Friday, October 05, 2007

King Dork by Frank Portman

If you know a teenage boy who hated The Catcher in the Rye but otherwise likes to read, preferably one who is in a band or wishes he was, you need to give that guy King Dork, a Young Adult novel published last year.

Well, actually, it would help if he had been a teenager in the '80s or early '90s -- the only real problem with King Dork as a YA book is that it's quite clearly not set in the present day, though it intermittently pretends to be. King Dork takes place in a world where high school kids never mention the Internet, or having cell phones, or downloaded music. (One giveaway is a comment about the album vs. CD debate...which is so 1992.) In fact, I wouldn't be surprised if the real era of King Dork were the mid-'80s, which was my high-school years and I suspect was Frank Portman's as well.

Our main character is deliberately retro in his musical tastes, which is fine, but I think that, in conception, he was somewhat less retro than he now seems. (He loves '70s music -- prefers bubblegum, but loves heavy metal and punk and other loud things of the era as well. This is not particularly weird for a kid in the mid-'80s, but a bit less likely for a kid in the late '90s or mid-'00s. From internal evidence, I think this novel is officially supposed to be set in around 1997-99, but, as I said, that doesn't entirely make sense.) To be blunt, a kid like him would at least have an opinion about Nirvana -- he might hate them, but he wouldn't be silent on the subject. But, in King Dork, the latest cultural reference is to a list of Goth bands: Joy Division, the Cure, the Smiths. (I'll grant that King Dork has to take place after Ian Curtis's suicide, but I'm less convinced it "really" happens after the Smiths broke up.)

So actual current teenagers might find this novel slightly odd and not representative of the surfaces of their lives. It does nail the essential cruelty and pack behavior of teenagers, though, and has a great voice in Thomas "Chi-Mo" Henderson, the first-person narrator and "King Dork" himself. (Though, from my own experience, no guy who actually in a band -- let alone the lead singer and guitar player for even a crappy band -- could possibly be considered a dork in high school. An outcast, yes. Specifically a dork, no.) Tom has had a rough life, in tried-and-true YA novel fashion: his dad died a few years back, and nearly every other kid in his school despises him.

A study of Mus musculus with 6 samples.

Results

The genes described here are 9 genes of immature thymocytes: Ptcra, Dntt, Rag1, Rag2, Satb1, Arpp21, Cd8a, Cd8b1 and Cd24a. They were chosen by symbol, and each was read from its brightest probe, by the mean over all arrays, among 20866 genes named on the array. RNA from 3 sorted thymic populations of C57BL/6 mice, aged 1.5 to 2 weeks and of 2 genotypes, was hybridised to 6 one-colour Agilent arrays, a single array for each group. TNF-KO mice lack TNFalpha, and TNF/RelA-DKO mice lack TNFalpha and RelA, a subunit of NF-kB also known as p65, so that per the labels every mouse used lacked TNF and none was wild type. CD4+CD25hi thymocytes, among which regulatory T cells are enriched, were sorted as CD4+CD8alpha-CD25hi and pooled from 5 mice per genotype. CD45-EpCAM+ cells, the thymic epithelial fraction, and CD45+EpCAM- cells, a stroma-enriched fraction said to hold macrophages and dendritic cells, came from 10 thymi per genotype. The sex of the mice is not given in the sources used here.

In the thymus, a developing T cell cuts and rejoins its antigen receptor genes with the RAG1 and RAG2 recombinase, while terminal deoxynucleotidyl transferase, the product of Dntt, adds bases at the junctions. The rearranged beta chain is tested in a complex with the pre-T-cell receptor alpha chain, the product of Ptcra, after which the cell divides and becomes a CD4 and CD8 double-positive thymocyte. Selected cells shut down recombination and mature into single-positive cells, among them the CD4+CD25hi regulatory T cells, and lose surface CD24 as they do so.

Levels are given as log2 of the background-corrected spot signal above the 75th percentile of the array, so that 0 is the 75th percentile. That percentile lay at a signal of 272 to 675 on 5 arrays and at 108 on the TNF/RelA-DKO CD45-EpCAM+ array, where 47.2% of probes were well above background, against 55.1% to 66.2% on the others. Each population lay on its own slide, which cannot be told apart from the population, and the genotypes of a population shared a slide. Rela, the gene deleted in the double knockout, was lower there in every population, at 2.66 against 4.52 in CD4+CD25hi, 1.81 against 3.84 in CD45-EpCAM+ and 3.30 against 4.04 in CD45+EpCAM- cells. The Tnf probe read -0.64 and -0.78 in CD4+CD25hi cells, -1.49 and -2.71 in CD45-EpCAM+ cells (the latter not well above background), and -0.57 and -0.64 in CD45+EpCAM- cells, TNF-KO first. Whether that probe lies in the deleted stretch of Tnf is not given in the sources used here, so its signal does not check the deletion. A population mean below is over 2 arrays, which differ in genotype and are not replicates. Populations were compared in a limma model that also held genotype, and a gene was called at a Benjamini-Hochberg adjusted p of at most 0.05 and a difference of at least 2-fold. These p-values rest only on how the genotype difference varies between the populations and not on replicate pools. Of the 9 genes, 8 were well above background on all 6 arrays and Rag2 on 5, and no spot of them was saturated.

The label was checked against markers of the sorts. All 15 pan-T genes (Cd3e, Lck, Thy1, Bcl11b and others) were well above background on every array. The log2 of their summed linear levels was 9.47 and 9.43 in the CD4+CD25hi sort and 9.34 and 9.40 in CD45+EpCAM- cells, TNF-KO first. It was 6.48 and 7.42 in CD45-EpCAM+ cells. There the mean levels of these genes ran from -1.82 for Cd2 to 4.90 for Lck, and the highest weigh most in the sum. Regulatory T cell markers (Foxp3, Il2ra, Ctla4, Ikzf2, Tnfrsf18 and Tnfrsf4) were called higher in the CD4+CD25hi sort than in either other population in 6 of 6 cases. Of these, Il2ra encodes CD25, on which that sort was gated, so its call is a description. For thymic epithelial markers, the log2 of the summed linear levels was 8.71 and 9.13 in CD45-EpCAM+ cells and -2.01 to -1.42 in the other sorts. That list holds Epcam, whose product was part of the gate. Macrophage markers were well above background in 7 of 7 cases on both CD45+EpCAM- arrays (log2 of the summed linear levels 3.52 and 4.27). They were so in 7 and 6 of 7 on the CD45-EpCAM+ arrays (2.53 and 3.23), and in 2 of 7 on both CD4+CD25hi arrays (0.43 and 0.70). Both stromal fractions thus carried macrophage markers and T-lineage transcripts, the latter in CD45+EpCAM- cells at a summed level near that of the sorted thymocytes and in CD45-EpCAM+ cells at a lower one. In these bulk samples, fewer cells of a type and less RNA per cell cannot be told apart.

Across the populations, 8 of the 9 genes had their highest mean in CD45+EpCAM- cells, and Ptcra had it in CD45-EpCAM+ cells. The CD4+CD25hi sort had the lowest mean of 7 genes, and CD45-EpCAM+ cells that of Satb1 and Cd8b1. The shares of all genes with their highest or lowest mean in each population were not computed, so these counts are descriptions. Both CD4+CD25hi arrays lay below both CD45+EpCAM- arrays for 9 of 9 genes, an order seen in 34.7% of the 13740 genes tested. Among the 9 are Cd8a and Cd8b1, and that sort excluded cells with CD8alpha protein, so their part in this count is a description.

King Dork is a novel of voice rather than of plot; it covers approximately the first half of Chi-Mo's sophomore year, but mostly as experienced deeply within his own skull. Chi-Mo does discover a cache of books that his father read (and marked up) as a teenager in the '60s, which drives part of the plot, but it's mostly the day-to-day life of a kid who wants to be in a band, is pretty smart in his own head, but has yet to discover how to be socially ept.

Since I love novels written in the first person, in particular those with a really strong, specific narrative voice, I enjoyed King Dork a lot. I can imagine that not everyone will find Chi-Mo to their tastes; female readers in particular might find him tedious and juvenile. (But, to that latter point, this is a YA novel, so it's appropriate.)

Let me end by quoting Chi-Mo's advice to other boys like himself:
If you're in a band, even an extremely sucky band, girls, even semihot ones like Celeste Fisher and Deanna Schumacher, will totally mess around with you and give you blow jobs and so forth, provided you can assure them that no one will ever find out about it. Start a band. Or go around saying you're in a band, which is, let's face it, pretty much the same thing. The quality of your life can only improve.
So go forth and pretend to be in a band, already.

1 comment:

Molly Moloney said...

I loved "King Dork"-- and like you was a bit perplexed by its time period. For most of the book I just assumed that it was taking place in the 1980s. The feel and the references all seemed to be of my time. (I graduated from high school in 1992, my husband in 1985-- and from various things I'd read him of it, we both agreed it was from somewhere between us, possibly closer to him than me). But then suddenly I came across a couple of references to years that clearly contradicted this (for instance, I seem to recall a reference to a mid/late 90s vehicle of some sort (and it wasn't even supposed to be a new one!) I can see why they might not have particularly marketed it as from the 80s, but I really don't see why the writing of the book itself was so ambiguous in that way. Still, though, it's a great book.